Pamela Miller-Green says she thinks everyone needs to slow down and cook more often in order to stay healthy and avoid high cholesterol.
After church let out, Pamela Miller-Green walked to the Fresh Grocer at Broad and Oxford streets to get groceries for her family’s Sunday dinner.
The 45-year-old North Philadelphian said that for as long as she can remember, she has always made an effort to make home-cooked meals for her family. Fast food is rarely an option, she said, and it’s a dangerous option for people dealing with weight issues.
“We need to get away from fast food,” Miller-Green said. “It’s proven to make you gain weight, and taking the time to cook for your family allows for more nutritious meals.”
Miller-Green said her family loves meals that include vegetables, such as tomatoes, basil, cabbage and collard greens.
“I normally love including potatoes, but I try not to cook them as much because potato is a starch,” she said. “Roasted, baked, steamed or broiled, my family loves anything you put on a dinner plate.”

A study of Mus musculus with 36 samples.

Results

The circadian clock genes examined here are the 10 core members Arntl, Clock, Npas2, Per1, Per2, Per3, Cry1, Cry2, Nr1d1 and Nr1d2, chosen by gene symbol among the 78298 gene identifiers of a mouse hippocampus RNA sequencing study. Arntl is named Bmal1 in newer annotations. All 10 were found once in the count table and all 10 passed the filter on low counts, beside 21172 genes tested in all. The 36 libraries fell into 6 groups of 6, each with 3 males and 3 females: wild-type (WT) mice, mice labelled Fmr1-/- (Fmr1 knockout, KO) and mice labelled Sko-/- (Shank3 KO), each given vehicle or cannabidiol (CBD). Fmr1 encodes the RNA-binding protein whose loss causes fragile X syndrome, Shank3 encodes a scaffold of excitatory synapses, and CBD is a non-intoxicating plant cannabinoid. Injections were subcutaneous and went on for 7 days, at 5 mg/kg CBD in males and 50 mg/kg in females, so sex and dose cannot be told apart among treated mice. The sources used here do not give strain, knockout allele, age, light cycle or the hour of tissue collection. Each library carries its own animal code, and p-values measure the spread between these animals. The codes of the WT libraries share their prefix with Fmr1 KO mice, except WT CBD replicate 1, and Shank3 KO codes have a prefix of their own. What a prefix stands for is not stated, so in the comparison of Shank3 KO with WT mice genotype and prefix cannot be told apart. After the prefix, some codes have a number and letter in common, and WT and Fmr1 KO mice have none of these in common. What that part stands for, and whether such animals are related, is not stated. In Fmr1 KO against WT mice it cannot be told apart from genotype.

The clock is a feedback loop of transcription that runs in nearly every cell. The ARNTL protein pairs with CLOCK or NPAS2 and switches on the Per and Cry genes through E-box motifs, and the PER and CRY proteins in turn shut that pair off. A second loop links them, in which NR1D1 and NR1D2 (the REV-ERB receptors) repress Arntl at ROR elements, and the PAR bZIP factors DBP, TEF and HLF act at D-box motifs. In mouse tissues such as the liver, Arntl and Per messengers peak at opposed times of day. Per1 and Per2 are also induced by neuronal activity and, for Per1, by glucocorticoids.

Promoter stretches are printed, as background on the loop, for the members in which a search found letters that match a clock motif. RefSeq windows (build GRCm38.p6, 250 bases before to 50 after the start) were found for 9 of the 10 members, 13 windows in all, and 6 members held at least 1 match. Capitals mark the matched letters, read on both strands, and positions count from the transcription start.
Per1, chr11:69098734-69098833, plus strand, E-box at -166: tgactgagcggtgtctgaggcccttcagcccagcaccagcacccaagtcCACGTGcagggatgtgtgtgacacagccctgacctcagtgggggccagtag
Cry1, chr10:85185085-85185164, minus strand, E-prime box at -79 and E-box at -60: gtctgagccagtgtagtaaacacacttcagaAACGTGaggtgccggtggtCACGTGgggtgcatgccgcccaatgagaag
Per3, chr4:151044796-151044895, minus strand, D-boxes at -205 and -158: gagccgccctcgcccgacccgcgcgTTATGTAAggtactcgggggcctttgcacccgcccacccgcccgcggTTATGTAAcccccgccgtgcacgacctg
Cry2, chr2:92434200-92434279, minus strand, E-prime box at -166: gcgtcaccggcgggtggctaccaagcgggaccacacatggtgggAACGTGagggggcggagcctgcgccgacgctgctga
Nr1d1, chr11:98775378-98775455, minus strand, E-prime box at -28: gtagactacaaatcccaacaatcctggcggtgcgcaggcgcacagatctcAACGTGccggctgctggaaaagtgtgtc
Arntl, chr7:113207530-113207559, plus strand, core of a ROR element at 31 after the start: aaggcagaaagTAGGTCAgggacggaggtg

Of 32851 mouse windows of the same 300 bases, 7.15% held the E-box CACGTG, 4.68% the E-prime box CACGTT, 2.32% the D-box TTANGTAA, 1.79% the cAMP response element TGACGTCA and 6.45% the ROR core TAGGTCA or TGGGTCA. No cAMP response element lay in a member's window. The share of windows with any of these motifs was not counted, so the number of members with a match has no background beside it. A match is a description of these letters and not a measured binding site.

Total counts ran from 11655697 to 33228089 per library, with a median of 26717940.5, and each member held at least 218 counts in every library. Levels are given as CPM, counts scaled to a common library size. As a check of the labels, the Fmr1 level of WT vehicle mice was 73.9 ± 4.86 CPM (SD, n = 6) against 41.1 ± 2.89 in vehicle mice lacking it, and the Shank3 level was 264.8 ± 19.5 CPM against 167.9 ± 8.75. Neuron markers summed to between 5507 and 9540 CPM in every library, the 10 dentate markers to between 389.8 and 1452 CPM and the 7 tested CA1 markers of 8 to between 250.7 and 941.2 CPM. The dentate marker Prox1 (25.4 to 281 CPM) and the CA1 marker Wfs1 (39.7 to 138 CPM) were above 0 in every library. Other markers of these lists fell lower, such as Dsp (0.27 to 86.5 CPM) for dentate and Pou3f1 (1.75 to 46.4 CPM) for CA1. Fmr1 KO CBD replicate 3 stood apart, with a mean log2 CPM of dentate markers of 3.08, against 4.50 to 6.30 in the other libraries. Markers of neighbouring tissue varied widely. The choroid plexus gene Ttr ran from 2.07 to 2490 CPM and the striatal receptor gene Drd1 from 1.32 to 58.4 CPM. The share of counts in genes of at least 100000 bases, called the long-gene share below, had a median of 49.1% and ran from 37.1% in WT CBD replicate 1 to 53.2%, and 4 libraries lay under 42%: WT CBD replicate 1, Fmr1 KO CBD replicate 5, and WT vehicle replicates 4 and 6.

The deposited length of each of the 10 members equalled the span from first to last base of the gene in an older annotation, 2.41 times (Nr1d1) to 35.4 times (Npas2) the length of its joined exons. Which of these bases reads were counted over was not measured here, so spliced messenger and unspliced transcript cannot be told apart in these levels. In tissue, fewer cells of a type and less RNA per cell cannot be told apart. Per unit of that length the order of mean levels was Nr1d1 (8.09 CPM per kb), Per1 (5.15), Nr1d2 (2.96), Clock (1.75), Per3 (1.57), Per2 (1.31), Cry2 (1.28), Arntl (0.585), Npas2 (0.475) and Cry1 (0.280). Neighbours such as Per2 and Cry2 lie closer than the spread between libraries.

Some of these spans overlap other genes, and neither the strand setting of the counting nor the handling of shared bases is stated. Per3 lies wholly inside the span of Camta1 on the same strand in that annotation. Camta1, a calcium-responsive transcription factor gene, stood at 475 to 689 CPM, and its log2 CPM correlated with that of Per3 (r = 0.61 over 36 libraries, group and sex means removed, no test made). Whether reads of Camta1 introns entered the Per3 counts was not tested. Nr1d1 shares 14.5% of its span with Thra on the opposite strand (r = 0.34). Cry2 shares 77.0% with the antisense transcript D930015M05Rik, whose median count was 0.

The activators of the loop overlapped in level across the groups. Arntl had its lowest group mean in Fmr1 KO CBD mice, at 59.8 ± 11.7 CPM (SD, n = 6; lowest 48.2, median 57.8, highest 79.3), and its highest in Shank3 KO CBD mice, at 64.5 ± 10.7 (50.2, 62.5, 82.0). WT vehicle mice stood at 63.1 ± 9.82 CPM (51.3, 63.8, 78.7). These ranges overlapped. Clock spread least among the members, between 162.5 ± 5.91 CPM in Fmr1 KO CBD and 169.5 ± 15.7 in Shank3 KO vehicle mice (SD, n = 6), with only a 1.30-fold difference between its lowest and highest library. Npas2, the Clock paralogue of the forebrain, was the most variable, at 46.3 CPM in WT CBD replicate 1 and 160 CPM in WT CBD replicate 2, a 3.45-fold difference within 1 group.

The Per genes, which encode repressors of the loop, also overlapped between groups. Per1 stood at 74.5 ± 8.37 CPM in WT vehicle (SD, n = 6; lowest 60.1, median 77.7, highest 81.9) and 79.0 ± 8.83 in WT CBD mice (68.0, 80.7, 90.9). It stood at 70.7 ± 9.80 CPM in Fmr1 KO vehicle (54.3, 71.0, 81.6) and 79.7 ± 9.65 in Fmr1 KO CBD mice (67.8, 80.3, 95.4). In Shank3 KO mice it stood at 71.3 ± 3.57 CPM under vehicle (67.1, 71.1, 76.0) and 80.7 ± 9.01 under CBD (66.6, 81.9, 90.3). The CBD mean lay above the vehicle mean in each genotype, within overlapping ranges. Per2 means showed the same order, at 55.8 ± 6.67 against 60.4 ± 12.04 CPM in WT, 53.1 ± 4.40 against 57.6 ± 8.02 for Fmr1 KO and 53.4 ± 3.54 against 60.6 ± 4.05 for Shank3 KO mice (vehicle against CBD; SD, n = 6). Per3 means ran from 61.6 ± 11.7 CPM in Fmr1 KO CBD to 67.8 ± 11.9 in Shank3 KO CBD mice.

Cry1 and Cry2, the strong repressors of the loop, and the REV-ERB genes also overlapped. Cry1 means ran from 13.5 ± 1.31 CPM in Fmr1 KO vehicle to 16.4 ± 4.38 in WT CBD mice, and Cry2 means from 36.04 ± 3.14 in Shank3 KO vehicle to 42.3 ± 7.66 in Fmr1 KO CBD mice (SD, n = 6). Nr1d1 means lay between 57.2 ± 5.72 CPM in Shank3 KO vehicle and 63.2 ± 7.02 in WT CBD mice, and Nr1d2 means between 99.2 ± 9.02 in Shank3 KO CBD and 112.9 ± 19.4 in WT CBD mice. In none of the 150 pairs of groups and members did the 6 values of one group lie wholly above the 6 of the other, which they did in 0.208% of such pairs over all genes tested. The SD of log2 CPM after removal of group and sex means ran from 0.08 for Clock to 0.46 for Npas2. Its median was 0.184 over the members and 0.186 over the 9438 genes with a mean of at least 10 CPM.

Miller-Green is no stranger to Main Campus. She said she remembers when there were very few lunch trucks scattered throughout campus and she worries about the type of nutrition Temple students get from those eating options.
“They might be getting very little nutrition but a lot of cholesterol, and diet sodas don’t help,” she said.
Miller-Green said students need to focus on getting proper sleep as much as they need to focus on proper nutrition. Lunch trucks and other unhealthy eating habits aside, she said she worries about the abundance of energy drinks that don’t do much to help a student’s health.
“If they want more energy, take advantage of the gym [on campus],” Miller-Green said. “Students need to make sure they are balanced mentally as well as physically.”